Raul Rabadan: Recombination and lineage-specific mutations led to the emergence of SARS-CoV-2 (Covid-19 symposium)
Summary by: Arooba Ahmed (CC '23)
The virus is currently evolving through two mechanisms. The first way is mutation, where there is one substitution in the virus every couple of weeks. They can track the evolution of the virus around the world using the GISAID database with sequences and phylogenetic trees. Interestingly, the virus looks different in different parts of the world.
Another way in which the virus evolves is through recombination, where coinfection with a different virus generates a chimera (parts are mixed). Coronaviruses in particular acquire new abilities quickly. The first record of Sars-Cov-2 was in December. Within the first two weeks it had been sequenced. One of the first papers on this virus took the whole genome and compared it with other viruses.
Some other viruses were found to be very similar, which suggests a common origin. There was perhaps a single introduction in November 2019 where all the viruses were similar, but ended up diversifying. What is interesting is that although the Sars-Cov-2 virus may look distantly related to the SARS 2002 virus, they are not actually distant. It depends rather on how you look at the genome. Dr. Rabadan shows a tanglegram where the whole genome is not very similar, but the receptor binding domains (which determine viral entry into the cell) are very similar. His group also found that this virus can recombine everywhere in the genome, but in some places the recombinations are much greater. For example, they found many more recombinations near spike protein. The spike protein is the point of entry and determines host range for the virus.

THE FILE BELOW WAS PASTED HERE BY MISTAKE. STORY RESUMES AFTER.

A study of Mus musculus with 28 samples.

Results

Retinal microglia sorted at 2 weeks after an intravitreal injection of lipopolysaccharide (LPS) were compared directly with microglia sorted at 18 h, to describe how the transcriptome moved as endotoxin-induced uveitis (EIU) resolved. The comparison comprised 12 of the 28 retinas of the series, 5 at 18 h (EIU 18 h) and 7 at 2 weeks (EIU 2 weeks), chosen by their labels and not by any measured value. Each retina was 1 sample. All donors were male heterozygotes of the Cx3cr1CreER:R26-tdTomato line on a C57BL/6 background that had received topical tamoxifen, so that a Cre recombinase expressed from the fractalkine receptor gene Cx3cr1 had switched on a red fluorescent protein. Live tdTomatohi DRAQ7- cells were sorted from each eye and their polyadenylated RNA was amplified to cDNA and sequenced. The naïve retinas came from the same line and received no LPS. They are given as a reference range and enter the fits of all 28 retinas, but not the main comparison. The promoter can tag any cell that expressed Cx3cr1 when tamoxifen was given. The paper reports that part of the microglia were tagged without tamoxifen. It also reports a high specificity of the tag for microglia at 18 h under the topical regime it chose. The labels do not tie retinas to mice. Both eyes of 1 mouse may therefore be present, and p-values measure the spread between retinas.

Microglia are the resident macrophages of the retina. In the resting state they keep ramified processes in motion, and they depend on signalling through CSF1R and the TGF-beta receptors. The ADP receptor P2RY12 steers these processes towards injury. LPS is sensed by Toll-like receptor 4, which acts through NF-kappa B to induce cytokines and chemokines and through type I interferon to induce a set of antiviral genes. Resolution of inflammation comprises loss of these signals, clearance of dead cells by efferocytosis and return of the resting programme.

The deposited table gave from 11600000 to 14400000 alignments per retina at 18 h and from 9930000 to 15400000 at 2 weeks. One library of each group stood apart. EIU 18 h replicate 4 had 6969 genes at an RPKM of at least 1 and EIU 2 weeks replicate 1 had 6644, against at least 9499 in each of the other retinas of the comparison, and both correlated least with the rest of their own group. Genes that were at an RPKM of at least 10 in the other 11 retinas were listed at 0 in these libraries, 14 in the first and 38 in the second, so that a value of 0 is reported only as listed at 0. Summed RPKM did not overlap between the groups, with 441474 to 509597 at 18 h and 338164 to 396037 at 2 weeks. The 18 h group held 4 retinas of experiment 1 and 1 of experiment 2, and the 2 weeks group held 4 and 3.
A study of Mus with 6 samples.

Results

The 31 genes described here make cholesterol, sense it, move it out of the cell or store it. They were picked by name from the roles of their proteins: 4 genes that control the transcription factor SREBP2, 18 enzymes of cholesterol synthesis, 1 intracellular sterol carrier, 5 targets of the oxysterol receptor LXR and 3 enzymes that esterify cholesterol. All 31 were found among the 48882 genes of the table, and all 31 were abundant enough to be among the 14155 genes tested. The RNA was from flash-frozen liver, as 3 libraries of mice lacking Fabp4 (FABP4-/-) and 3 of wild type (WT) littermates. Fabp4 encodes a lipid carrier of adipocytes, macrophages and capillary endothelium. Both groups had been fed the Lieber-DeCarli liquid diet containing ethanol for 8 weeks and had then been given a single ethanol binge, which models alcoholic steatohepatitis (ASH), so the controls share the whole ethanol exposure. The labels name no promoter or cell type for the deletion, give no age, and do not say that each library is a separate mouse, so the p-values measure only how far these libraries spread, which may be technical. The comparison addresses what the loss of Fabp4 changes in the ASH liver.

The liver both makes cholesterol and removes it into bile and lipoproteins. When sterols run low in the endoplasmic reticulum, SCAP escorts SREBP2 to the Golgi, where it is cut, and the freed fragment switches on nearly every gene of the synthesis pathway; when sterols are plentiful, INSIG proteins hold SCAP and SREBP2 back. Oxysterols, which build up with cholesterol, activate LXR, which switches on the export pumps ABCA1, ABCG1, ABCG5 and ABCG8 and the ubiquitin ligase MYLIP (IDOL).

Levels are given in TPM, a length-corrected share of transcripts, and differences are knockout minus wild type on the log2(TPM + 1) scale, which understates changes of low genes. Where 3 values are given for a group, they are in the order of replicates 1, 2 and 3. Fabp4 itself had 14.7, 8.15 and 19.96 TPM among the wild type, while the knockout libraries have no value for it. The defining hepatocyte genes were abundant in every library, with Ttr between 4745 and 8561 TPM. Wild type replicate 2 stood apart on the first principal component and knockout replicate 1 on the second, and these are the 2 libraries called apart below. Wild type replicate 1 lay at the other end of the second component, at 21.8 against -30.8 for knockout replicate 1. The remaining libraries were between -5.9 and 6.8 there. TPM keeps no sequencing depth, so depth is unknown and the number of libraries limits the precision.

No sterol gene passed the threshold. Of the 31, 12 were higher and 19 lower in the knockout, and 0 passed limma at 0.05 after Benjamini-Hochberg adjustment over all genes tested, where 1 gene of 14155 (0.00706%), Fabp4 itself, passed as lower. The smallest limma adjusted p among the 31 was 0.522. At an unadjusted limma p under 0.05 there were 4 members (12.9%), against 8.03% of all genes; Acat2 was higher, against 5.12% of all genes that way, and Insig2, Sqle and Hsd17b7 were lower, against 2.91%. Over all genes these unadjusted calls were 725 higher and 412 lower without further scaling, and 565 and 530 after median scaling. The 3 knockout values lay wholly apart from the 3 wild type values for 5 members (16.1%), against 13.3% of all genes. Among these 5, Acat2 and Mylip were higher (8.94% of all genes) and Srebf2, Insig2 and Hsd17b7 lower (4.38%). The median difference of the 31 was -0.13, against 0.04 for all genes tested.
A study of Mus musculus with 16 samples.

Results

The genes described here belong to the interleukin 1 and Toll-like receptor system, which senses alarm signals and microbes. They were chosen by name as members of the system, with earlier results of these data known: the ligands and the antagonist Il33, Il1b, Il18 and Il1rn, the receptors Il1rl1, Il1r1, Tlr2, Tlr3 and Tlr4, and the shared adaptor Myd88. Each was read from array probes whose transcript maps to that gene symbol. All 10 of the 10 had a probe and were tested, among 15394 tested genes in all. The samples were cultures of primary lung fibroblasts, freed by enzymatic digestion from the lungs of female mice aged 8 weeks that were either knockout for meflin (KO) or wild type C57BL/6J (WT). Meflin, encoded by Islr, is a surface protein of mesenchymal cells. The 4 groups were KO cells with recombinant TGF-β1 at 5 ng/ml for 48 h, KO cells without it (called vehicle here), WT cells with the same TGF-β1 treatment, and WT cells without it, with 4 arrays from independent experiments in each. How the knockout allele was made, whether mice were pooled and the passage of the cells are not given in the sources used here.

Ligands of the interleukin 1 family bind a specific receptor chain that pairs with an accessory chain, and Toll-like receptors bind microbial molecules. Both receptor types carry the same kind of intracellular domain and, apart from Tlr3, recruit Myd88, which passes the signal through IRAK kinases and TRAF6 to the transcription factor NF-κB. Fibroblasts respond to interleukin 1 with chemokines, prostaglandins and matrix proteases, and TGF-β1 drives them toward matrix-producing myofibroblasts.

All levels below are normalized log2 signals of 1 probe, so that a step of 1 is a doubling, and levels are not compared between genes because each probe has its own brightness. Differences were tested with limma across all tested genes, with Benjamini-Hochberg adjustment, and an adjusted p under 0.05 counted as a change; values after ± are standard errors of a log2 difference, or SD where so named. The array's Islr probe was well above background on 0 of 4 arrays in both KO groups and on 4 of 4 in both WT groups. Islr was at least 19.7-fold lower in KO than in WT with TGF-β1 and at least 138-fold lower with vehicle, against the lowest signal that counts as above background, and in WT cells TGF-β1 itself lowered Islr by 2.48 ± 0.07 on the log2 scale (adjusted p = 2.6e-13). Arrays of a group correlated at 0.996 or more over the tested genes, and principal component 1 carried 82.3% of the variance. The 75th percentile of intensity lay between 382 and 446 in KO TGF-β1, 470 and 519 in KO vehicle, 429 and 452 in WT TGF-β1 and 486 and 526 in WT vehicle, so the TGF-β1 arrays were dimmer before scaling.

They also took the data and tried to figure out the timing for when the evolution happened. This virus is related to the one in pangolins which was circulating last year, as determined by looking at just the receptor binding domain region. The closest virus to SARS-Cov-2 in terms of the whole genome is a strain that was isolated in bats around 2014.
Looking at the whole genome, there are 2 branches. One branch contains SARS and the other contains Sars-Cov-2. 10-15 years ago there was recombination between the two and there were lineage specific mutations that created what it is today. These mutations allowed it to bind to the ACE2 receptor in humans.